And fundamentally there's an issue here of how we perceive and define another human being.
You have to be careful, Gilger says, not to "define the whole person as their handicap. You're not an autistic person, you're a person who's been diagnosed with an autistic disorder. That distinguishes between one aspect of a person and the whole person."Here's a big issue to understand; there are states that give vouchers so that parents of Special Education students can attend any school they want - public, charter or private.
Otherwise, there's a danger of defining people by what they can't do. And implying that somehow that person is, as the style guide says, "suffering or living a reduced quality of life."
Here's a recent study from the Council of Parent Attorneys and Advocates (COPAA):
School Vouchers and Students with Disabilities: Examining Impact in the Name of Choice
- To date, the only federal dollars spent on vouchers are those approved for the District of Columbia schools and their families; however, in the past several years, the push to bring vouchers forward in federal policy has been consistent and strong.
- Some of these voucher programs are designed specifically for students with disabilities and some are not.
And, most importantly, not all of the state voucher programs distinctly protect the civil rights of children with disabilities under the Individuals with Disabilities Education Act (IDEA), the Americans with Disabilities Act (ADA) and Section 504 of the Rehabilitation Act of 1973 (Section 504) among other federal laws.
- Parents like knowing they can explore their options when vouchers are available, even if they end up keeping their child in the neighborhood public school.
- Little data exists with regard to families choosing vouchers that limit or terminate IDEA rights once those families leave the traditional public school.
- Voucher funding is rarely sufficient and generally does not cover the full cost of the child’s education, meaning that only parents with adequate finances have a choice.
- Some schools accept children with a disability (and the voucher funds) and then expel them for behavior or other reasons forcing the children back into a poor or inappropriate school situation.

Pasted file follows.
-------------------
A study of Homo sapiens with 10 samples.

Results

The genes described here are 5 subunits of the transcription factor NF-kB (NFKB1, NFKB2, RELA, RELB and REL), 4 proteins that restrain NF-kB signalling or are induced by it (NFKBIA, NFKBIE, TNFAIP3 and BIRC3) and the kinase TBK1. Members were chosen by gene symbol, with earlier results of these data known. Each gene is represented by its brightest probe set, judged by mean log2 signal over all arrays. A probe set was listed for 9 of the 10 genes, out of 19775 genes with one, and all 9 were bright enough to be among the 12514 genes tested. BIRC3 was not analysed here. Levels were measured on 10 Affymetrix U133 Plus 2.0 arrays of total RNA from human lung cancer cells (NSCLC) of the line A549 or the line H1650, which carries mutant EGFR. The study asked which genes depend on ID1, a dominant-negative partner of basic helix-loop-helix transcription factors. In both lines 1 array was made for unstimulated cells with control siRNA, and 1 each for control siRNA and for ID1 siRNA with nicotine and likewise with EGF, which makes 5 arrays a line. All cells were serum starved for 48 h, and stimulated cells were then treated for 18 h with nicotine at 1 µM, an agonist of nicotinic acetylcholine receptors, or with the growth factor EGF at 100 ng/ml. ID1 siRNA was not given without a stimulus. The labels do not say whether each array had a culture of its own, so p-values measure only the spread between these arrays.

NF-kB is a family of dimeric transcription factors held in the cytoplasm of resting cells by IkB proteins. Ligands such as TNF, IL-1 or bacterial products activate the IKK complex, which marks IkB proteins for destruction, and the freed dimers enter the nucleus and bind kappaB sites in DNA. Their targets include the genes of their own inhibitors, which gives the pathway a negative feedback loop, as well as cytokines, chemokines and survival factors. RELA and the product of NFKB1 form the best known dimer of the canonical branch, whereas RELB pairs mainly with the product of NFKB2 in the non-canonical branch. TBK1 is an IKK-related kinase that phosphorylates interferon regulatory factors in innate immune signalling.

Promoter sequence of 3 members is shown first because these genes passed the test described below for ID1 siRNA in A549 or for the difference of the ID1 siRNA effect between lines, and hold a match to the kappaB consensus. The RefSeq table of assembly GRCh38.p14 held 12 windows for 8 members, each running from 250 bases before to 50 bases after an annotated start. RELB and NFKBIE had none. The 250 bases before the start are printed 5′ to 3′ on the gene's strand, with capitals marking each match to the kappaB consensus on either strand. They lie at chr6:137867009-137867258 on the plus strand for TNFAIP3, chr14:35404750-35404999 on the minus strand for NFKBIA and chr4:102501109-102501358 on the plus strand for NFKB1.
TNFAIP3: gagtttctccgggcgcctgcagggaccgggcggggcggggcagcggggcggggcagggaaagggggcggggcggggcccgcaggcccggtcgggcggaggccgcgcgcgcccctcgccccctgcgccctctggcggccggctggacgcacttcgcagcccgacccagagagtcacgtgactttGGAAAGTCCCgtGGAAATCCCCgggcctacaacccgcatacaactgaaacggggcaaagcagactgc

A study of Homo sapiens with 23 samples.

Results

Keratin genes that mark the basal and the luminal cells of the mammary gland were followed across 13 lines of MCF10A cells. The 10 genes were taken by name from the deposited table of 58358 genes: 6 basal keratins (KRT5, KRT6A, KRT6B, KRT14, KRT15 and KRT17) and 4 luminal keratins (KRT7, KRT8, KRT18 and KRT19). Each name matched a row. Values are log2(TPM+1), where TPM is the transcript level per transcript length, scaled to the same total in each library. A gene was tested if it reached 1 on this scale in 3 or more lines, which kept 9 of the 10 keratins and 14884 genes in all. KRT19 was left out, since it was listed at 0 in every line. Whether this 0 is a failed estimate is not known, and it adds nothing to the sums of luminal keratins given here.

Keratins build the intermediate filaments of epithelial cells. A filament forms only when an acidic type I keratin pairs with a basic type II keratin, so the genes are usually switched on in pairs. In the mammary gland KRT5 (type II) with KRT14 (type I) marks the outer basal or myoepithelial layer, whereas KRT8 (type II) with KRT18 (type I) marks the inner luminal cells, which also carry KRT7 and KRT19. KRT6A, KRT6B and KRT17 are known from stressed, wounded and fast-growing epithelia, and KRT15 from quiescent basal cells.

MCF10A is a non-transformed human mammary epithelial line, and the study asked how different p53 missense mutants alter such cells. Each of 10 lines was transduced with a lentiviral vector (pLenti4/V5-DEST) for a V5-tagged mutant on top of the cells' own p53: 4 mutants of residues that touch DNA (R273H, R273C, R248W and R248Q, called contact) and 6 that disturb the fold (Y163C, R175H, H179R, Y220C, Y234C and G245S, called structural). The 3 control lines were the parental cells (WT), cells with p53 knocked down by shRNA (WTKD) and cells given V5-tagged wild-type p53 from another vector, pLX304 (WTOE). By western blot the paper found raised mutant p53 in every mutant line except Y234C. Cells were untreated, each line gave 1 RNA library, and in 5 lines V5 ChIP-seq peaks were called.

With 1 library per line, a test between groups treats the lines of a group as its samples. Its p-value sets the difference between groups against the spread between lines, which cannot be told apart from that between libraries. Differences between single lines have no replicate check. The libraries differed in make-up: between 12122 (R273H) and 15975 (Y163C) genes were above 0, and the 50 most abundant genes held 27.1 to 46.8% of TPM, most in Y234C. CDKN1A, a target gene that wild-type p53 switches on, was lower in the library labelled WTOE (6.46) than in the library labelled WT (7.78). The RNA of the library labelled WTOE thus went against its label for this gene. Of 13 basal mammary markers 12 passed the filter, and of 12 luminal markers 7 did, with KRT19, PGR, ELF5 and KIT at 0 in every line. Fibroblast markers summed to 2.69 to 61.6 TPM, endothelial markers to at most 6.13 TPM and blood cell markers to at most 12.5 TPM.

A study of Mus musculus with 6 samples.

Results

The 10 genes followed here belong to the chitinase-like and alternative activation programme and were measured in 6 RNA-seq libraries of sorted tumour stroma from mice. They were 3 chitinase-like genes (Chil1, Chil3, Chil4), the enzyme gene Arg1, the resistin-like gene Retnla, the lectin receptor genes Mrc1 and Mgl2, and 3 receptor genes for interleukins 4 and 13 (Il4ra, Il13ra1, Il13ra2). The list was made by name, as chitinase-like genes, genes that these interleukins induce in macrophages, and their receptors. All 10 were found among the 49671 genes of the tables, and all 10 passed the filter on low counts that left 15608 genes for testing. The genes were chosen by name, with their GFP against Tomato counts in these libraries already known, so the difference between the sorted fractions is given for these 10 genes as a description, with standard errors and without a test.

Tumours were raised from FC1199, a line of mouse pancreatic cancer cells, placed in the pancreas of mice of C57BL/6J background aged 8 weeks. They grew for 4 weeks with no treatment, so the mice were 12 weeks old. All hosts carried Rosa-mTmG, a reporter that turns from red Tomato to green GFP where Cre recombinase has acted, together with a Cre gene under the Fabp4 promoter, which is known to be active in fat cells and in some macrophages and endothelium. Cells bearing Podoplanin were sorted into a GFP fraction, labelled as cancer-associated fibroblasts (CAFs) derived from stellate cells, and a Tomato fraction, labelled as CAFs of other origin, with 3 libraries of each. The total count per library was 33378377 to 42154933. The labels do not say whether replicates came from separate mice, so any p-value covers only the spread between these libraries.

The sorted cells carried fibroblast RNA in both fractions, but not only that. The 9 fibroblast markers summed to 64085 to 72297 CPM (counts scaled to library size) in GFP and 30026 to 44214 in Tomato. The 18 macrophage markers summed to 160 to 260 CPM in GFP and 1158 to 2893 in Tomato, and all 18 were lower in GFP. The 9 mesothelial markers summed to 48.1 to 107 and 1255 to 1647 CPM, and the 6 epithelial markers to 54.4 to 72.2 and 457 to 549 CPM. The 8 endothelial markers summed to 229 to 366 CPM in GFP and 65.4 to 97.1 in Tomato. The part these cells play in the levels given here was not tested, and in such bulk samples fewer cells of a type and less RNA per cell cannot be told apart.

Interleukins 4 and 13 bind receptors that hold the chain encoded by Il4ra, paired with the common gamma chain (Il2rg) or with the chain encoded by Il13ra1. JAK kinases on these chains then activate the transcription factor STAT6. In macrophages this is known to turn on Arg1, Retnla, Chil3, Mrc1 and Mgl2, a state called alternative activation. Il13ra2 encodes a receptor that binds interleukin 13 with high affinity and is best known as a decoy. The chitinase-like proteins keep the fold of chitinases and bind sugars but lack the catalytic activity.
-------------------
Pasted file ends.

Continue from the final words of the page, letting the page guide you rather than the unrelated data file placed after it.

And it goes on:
- Special‐education specific voucher programs typically fail to include all students with disabilities and it is rare for programs to accept students who are twice exceptional.
- Too little data exists to compare the academic outcomes of students with disabilities [and other students] participating in voucher programs to public school students.
- Our report clarifies that we still know far too little about the impact of voucher programs on students with disabilities and their families. Given the dearth of knowledge about best practices, protecting procedural safeguards and civil rights of children and the cost, both direct and indirect on children and families, it is too soon for the federal government to unilaterally make federal funds available for voucher programs.
1. We're Americans and we like the comfort of choice.
2. Parents may believe that a private or charter school is smaller and even if they have no real program to serve their child's IEP, that child might still get more attention.
3. Parents may be trying to backfill education at home to get a better school environment for their child.
But I believe this idea of vouchers for Special Education is not about serving children in better ways. I believe it's just the foot in the door for "vouchers for all." Meaning, we pretty much end organized public education and let it be a free-for-all for education. Given what this study says this early on, I don't see how voucher programs better serve students with challenges. That's why I don't believe in vouchers.